October 2013 | Case Studies | Reader Profile

Chris Carlson: All Charged Up

Tags: Education & Careers

Chris Carlson, vice president, Batteries Plus Bulbs

Chris Carlson is vice president of Batteries Plus Bulbs, a retailer of batteries and light bulbs based in Hartland, Wis., with more than 570 corporate and franchise locations in the United States and Puerto Rico. He has held this position since 2011.

Responsibilities: Transportation, warehousing, vendor management, demand planning, part of the China supply chain, customer support center, store support center.

Experience: Industrial engineer, corporate logistics manager, Archway Marketing Services; independent consultant to Echo Global Logistics; director, global logistics and customs compliance, Wilsons Leather; senior director, supply chain and logistics, Christopher & Banks.

Education: B.S., mechanical engineering, Marquette University, 1994.


I earned My degree in mechanical engineering, and Archway Marketing Services hired me in 1997 to help automate their warehouse operations. Once that project ended, however, my team's role kept expanding. We helped make the warehouse labor force more productive, and cut freight costs.

Soon logistics was part of my job description, and I've been working in this field ever since. Our logistics operation at Batteries Plus Bulbs serves both corporate-owned and franchise retail outlets.

Many of our end customers are consumers, but about 30 percent of our business involves selling to hospitals, prisons, schools, and other commercial customers. In summer 2013, we shipped many batteries to the National Forest Service for use by the firefighters battling wildfires in California and Colorado.

Batteries Plus Bulbs sells under its own name and licenses other brands. Of the product sold in stores, about 80 percent flows through our warehouse in Glendale, Wis. That includes the 60 percent of product we import from Asia—mainly China—plus about half the product we purchase from domestic suppliers. The rest of the product from domestic sources moves directly from the vendors to our stores.

Over the past few years, demand for cell phone batteries has grown by 40 to 50 percent. Some people buy replacement batteries as soon as they buy their phones. They drain the first battery in the morning, then pop in the second one to use for the rest of the day while recharging the first.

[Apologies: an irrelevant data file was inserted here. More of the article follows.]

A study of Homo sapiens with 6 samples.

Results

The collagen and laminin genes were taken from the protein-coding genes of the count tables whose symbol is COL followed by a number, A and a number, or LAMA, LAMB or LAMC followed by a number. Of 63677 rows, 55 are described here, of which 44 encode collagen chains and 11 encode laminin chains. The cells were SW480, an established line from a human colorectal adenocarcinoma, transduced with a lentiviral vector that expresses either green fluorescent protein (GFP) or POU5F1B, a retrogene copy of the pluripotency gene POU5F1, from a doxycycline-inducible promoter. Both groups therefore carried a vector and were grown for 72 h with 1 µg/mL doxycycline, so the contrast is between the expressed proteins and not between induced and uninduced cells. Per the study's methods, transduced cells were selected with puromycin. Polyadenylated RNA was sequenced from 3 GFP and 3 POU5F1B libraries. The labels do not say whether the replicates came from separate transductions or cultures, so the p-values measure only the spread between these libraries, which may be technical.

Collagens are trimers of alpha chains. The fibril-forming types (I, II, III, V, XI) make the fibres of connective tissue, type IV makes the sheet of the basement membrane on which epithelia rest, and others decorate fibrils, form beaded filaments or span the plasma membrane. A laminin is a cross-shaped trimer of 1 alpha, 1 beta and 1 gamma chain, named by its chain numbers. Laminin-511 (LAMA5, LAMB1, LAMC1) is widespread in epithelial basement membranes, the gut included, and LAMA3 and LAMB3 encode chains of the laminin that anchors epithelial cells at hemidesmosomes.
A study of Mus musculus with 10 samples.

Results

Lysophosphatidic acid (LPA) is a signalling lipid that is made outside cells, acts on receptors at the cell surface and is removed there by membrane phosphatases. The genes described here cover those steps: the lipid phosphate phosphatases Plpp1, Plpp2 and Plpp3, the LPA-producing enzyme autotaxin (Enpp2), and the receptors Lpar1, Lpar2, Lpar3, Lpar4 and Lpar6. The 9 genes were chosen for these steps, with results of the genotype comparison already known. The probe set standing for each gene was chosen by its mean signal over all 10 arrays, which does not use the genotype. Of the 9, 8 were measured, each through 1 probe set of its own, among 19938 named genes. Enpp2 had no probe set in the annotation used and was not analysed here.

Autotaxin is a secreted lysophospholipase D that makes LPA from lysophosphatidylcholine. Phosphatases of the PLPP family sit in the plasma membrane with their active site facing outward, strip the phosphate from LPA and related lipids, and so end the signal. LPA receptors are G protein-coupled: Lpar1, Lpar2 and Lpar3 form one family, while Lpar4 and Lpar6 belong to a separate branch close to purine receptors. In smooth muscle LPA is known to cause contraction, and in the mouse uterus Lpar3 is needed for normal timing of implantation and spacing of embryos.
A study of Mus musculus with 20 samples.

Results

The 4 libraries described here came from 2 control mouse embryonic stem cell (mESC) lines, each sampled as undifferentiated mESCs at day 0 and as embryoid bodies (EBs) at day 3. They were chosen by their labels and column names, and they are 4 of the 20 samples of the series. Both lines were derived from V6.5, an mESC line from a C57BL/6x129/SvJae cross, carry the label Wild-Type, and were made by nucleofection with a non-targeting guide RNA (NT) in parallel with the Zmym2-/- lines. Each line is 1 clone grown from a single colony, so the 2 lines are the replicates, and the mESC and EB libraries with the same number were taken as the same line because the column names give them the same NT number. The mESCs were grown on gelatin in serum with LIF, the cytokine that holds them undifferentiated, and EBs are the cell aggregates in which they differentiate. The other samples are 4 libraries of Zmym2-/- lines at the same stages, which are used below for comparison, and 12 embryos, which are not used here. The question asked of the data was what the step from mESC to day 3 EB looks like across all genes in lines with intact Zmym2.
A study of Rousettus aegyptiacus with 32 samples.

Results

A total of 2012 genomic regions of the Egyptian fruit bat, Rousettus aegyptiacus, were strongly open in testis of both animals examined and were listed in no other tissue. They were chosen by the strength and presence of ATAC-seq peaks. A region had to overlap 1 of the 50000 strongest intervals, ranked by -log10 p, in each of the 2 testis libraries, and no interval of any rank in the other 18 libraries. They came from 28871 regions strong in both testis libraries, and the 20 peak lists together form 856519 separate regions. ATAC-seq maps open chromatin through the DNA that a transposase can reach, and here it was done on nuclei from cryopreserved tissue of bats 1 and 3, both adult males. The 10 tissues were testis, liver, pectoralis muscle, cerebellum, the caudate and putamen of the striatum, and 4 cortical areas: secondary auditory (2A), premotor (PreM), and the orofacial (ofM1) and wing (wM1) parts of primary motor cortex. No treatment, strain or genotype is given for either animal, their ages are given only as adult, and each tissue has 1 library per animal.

It's not easy to predict which new phones will take off and drive demand for particular batteries. To stay fast and responsive, we often ship via air. That creates its own set of concerns, because the lithium ion batteries used in cell phones are subject to special airfreight regulations. We have to stay current on those rules as they evolve.

Another challenge is making sure vendors can keep up with our growth as more people come to depend on electronic devices. The average home contains 28 battery-powered devices and 61 light bulbs. In 2010, 26.4 million laptops were sold, according to technology and market research company Forrester Research, and 38.9 million are expected to sell in 2015.

Our supply chain operation will soon become even more complex, as Batteries Plus Bulbs launches a mobile device repair service. We'll need to understand which screens customers need, identify new vendors, and develop new packaging.

When I started at Batteries Plus Bulbs, we were making a transition from a third-party warehouse to our own facility. Our demand planning team had lost half its members, and China was shutting down one-third to one-half of its lead acid battery factories in favor of plants with greener operations.

In the face of all that, I'm proud that we've managed to build our team quickly, so we never have to say no when new projects come up. Our key to success has been putting the right team members in place, and making sure they have the necessary training and tools. It's a lot of work, but once you have the right team, you can tackle almost anything.

The Big Questions

What movie could you watch one million times without getting tired of it?

The Blues Brothers.

If you could take back one sentence you've ever spoken, what would it be?

"No, we're not doing that." Even if the final answer is "No," you should always explain why.

If you received a surprise package today, what would you like to find inside?

A crystal ball to tell me what projects I need to work on next.

Do you have a talent outside work?

Sailing. I was voted Crew of the Year at a yacht club I belonged to when I lived in Minnesota, and I taught sailing in college.